A Chiang Mai group hopes to gather 10,000 signatures on a petition to pressure the government into decriminalizing prostitution.
The Empower Foundation, which supports sex workers, is urging authorities to remove all penalties for selling sex, saying the 1960 law that made prostitution illegal invites corruption and exploitation.
“Although we work in legal entertainment venues, we are the people considered breaking the law because of the Anti-Prostitution Act,” said Empower Coordinator Thanta Laowilawanyakul. “The law was created to help people in this industry develop their lives, but police only go after the workers (not the employers) and don’t help them at all.”
Thanta claimed that 80 percent of the women working in the sex industry are mothers or the breadwinner for the entire family. It’s also a very transient business, with most women working in it for a short time, often due to a financial crisis. However, if they are arrested, they are branded for life with a criminal record, she said.
“Walking away from this point is difficult. If they have a criminal background, it’s hard for them to apply for a job or start a new life,” Thanta said.
According to the Royal Thai Police Office, more than 24,000 people were arrested, prosecuted and fined for sex work-related offenses in Thailand last year.
Empower collected 1,000 signatures at the massive anti-government protest on Sept. 19, an event also staged to demand more rights and better protection for Thailand’s LGBT population. But even if the group gathers the targeted 10,000 names, changing the 1960 law, which was amended in 1996 to close loopholes and gave police increased powers to prosecute, will be nearly impossible to change. It’s been tried repeatedly.
Thammasat University researcher Mataluk Orungrot wrote in 2018 that the law doesn’t work because of the chronic corruption of Thai police. Brothels in the form of massage parlors, karaoke bars and gentlemen’s clubs can pay off the police and still reap a windfall.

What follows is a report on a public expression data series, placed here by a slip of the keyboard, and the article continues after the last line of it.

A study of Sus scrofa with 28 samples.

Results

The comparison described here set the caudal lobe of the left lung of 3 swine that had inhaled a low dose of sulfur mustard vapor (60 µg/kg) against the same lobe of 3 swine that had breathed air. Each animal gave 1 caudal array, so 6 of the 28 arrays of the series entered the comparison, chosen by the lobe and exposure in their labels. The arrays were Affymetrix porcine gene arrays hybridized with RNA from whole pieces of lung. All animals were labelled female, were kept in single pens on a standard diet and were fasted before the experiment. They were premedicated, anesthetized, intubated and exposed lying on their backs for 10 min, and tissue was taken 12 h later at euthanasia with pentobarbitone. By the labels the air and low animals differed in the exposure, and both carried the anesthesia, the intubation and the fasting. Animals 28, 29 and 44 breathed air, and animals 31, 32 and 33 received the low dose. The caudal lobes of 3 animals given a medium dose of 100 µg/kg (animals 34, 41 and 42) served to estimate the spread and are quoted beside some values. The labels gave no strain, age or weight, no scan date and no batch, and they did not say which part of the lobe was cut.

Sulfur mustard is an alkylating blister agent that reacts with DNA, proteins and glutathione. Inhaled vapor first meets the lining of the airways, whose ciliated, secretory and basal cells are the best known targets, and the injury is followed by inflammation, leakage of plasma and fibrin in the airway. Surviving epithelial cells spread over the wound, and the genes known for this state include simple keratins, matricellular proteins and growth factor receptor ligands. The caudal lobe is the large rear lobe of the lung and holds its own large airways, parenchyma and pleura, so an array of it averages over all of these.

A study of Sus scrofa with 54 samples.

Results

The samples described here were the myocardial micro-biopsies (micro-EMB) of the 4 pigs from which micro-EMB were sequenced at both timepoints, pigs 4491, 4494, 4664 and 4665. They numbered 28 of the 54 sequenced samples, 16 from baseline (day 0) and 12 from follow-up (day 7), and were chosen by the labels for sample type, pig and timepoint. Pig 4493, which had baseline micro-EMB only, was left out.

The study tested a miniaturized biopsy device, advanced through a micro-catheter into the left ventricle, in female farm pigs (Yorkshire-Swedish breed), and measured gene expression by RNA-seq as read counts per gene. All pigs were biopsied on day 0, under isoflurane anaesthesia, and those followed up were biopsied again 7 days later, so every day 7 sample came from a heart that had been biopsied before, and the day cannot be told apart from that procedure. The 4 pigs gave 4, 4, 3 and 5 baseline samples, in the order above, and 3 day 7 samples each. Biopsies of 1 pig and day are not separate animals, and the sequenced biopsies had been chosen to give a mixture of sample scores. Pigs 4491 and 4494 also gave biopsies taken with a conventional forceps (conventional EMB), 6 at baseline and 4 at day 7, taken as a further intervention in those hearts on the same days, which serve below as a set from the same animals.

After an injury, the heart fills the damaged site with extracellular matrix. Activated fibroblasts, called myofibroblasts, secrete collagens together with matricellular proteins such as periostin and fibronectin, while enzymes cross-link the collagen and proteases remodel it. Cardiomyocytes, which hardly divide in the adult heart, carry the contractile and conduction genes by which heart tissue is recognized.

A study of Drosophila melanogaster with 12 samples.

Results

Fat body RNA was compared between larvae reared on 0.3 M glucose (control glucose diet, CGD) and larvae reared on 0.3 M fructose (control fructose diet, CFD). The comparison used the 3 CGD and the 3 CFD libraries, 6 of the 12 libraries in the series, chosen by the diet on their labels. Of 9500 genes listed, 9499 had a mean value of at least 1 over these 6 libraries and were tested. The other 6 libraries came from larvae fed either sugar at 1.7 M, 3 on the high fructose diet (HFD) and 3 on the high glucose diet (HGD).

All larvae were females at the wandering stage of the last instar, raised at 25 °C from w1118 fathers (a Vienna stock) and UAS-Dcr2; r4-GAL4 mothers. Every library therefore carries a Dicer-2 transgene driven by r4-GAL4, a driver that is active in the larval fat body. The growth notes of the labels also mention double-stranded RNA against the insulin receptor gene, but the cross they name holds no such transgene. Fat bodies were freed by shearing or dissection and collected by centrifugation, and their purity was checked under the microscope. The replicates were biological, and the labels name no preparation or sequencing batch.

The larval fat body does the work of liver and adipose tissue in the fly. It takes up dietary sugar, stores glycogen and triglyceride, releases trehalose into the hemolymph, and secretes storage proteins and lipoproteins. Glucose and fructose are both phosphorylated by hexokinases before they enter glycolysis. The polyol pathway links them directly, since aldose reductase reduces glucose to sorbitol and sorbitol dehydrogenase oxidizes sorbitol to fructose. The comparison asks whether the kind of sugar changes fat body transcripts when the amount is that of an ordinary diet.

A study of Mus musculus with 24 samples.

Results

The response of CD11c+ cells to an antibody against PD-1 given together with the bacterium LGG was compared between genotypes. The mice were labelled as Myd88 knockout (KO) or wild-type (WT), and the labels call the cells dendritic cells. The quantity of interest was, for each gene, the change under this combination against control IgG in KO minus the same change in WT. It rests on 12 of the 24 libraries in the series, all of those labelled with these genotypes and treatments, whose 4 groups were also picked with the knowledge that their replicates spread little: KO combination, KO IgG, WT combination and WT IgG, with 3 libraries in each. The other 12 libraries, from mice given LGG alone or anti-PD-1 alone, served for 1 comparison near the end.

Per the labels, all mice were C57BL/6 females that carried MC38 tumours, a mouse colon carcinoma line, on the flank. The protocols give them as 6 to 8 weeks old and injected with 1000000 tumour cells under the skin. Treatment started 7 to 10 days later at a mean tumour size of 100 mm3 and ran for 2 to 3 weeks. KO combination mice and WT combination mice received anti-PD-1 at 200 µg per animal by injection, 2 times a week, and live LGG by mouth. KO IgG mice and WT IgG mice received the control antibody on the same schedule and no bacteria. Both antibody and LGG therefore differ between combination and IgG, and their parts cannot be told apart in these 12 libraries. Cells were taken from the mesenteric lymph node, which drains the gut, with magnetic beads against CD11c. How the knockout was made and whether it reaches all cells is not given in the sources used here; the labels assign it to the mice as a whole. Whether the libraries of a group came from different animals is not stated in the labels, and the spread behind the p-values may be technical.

Rangsit University criminology expert Jomdet Trimek has said repeatedly over the years that bribes start from 200,000 baht a month and reach as much as 400,000 for venues trafficking in illegal migrants from neighboring countries.
The government long has known how much it’s losing in tax revenues. In 2003, the Justice Ministry held an unprecedented public hearing on a government proposal to legalize prostitution and register sex workers. Representatives from the government, sex industry, non-government organizations and academics all laid out their cases for how legalization could benefit human rights, legal, economic, cultural, social and moral problems.
In June this year, Mongkolkit Suksintharanon, an MP with the tiny Thai Civilized Party, announced another attempt to get a Lower House committee to consider both legalizing prostitution and sex toys, all in the name of combatting rape. He tries every year and every year it goes nowhere.
That’s not to say the government hasn’t taken notice of Empower’s petition. A spokesman for the Social Development and Human Security Ministry women’s affairs section said it was reviewing the Anti-Prostitution Act with an eye toward amendments that could be put up for public debate next year.
A major obstacle toward changing the law is the massive corruption that illegal prostitution fuels. Police get rich off taking bribes from go-go bars, massage parlors and brothels, even accepting cash to allow underage prostitution to continue. At the same time, they collect fines off the sex workers employed by those paying the bribes.
A 2014 report by a United Nations anti-AIDS agency estimated Thailand has 123,530 sex workers in Thailand but Empower and other social-welfare groups peg it as closer to 300,000, many of them migrants from neighboring countries or even underage children.
“Sex workers are lawfully registered in Germany, Amsterdam and Singapore. Why not Thailand?” Thanta asked. “The answer is no because the government thinks it will ruin the country’s reputation. Meanwhile, Germany has over 700,000 prostitutes, yet the profession is not stigmatized.”